After more than 80 years in Murray Hill, New Jersey, Nokia Bell Labs has decided to up sticks and move, albeit about 20 miles down the road.

Nick Wood

December 12, 2023

3 Min Read
Source: Nokia

It has unveiled plans to relocate to a new, state-of-the-art facility currently under construction in New Brunswick. That's New Brunswick in New Jersey, not the Canadian province. As part of a rejuvenation programme, the city is in the midst of developing a technology hub, called the Helix, on the site of an old shopping mall. Construction of the first of three buildings is already underway and when the whole site is finished, it will cater to both start-ups and revered tech heavyweights alike.

Bell Labs falls firmly into the latter category, so its plan to move into the Helix by 2028 lends the site a huge dose of credibility, one that has been recognised at both city and State level.

New Jersey governor Phil Murphy said "Nokia's presence in New Brunswick's growing tech hub will generate good-paying jobs and further solidify the city's standing as a regional leader in the innovation economy," while New Brunswick mayor Jim Cahill said the relocation "is a testament to the collaborative spirit, innovation, and forward-thinking attitude that defines our community.

"This venture will not only bring economic opportunities to our city, but will also create a hub of creativity and expertise that will undoubtedly contribute to the continued growth and success of New Brunswick," he said.

As for Nokia, it said the prospect of being in the thick of New Brunswick's burgeoning tech start-up scene was a contributing factor when it came to site selection. The Finnish kit maker said Bell Labs research teams will be able to collaborate in areas like quantum networking, photonics, optical research, 6G, AI and industrial automation in a tight-knit, campus environment.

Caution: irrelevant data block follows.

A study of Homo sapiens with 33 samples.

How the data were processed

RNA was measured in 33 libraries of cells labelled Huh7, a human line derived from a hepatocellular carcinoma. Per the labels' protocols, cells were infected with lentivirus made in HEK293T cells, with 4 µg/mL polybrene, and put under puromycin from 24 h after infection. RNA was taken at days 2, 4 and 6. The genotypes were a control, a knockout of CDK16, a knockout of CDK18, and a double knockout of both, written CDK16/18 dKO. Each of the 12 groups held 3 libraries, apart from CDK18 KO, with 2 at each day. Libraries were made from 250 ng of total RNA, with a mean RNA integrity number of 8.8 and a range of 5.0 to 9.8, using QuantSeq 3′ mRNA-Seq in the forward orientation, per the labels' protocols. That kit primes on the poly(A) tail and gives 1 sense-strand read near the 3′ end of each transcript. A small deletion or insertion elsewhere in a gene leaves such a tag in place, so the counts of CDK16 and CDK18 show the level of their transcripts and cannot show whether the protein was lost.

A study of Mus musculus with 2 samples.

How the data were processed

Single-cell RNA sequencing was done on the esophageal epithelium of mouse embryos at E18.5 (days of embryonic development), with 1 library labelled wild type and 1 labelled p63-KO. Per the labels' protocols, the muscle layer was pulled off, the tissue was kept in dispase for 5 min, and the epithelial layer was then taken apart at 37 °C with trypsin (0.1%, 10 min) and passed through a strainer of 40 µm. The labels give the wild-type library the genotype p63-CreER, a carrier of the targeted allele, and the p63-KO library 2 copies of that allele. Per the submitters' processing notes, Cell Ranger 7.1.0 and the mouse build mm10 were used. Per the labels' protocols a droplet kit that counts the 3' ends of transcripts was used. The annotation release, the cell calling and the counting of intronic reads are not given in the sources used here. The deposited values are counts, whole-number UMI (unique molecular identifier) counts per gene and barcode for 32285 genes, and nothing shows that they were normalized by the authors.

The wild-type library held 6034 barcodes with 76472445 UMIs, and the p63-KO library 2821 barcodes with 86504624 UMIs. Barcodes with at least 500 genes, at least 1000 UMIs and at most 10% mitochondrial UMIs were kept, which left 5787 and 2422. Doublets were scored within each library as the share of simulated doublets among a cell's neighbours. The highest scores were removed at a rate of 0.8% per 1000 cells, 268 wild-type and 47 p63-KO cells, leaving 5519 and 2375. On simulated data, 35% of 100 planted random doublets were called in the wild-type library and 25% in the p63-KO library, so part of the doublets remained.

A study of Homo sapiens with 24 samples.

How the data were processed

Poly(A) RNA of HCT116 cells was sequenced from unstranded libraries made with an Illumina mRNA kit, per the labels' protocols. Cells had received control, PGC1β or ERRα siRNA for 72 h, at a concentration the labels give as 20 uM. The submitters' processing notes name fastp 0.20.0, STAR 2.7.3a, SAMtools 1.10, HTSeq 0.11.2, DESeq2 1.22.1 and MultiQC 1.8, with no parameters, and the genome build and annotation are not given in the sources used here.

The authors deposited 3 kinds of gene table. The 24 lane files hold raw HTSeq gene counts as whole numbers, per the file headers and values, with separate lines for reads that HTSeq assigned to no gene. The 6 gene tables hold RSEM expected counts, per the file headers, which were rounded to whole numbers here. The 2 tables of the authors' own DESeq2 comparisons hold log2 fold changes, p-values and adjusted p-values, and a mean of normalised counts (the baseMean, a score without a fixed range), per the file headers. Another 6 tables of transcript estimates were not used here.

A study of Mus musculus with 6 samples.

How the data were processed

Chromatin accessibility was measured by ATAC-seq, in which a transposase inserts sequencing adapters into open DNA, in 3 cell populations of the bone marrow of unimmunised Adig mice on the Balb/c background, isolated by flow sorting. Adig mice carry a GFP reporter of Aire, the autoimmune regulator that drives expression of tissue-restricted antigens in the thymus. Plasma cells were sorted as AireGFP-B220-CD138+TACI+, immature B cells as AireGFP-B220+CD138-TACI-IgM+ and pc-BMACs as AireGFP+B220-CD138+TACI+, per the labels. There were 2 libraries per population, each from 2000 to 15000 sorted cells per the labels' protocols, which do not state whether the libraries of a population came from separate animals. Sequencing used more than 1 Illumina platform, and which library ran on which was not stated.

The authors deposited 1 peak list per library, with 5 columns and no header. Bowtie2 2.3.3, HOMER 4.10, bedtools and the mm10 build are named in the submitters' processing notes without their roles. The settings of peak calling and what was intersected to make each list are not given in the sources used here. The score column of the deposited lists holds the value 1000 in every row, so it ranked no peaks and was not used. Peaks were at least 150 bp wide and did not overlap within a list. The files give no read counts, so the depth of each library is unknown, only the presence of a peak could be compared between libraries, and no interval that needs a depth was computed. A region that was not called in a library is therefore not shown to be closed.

"Our Murray Hill campus has been home to iconic Nokia Bell Labs innovation for over 80 years. As we look toward the future of Nokia and Nokia Bell Labs in the region, we will take with us all that makes us exceptional – our vision, brainpower, culture of disruptive innovation, and technical prowess – and marry that legacy with a modern research and development facility that is built to our needs," said Nokia's chief strategy and technology officer, Nishant Batra. "Ultimately, we want a facility that feels right for the next 100 years of Nokia Bell Labs."

On that note, the new lab, which will break ground in 2025, will also meet LEED Gold certification standards regarding sustainable construction, in line with Nokia's plan to cut carbon emissions by 50 percent by 2030.

In addition to a new home, Bell Labs is also keen to maximise the potential commercial opportunities for innovations that fall outside parent company Nokia's remit.

It already does this to an extent through intellectual property licensing, venture capital funding, and an internal incubator for new business creation.

Bell Labs is now ramping up these activities by establishing what it calls a venture studio in partnership with America's Frontier Fund (AFF) and Roadrunner Venture Studios (RVS). Its aim is to commercialise Bell Labs' more promising inventions. Nokia has also partnered with another VC outfit, Celesta Capital, to help scale ventures build on Bell Labs' technology.

"With the new venture partnerships and venture studio, Nokia Bell Labs harnesses the ability to commercialise its innovations that are further adjacent to Nokia’s strategy, or that can flourish better outside Nokia," the vendor explained. "By collaborating with seasoned venture partners, Nokia Bell Labs will be able to create and invest in strategic startups and industrialise external ventures to maximize long-term value creation for Nokia."

While these developments won't fill the void left by AT&T after it picked rival Ericsson for its $14 billion Open RAN deployment, Nokia certainly won't harm its US prospects by leveraging the heritage and reputation of Bell Labs.

About the Author(s)

Nick Wood

Nick is a freelancer who has covered the global telecoms industry for more than 15 years. Areas of expertise include operator strategies; M&As; and emerging technologies, among others. As a freelancer, Nick has contributed news and features for many well-known industry publications. Before that, he wrote daily news and regular features as deputy editor of Total Telecom. He has a first-class honours degree in journalism from the University of Westminster.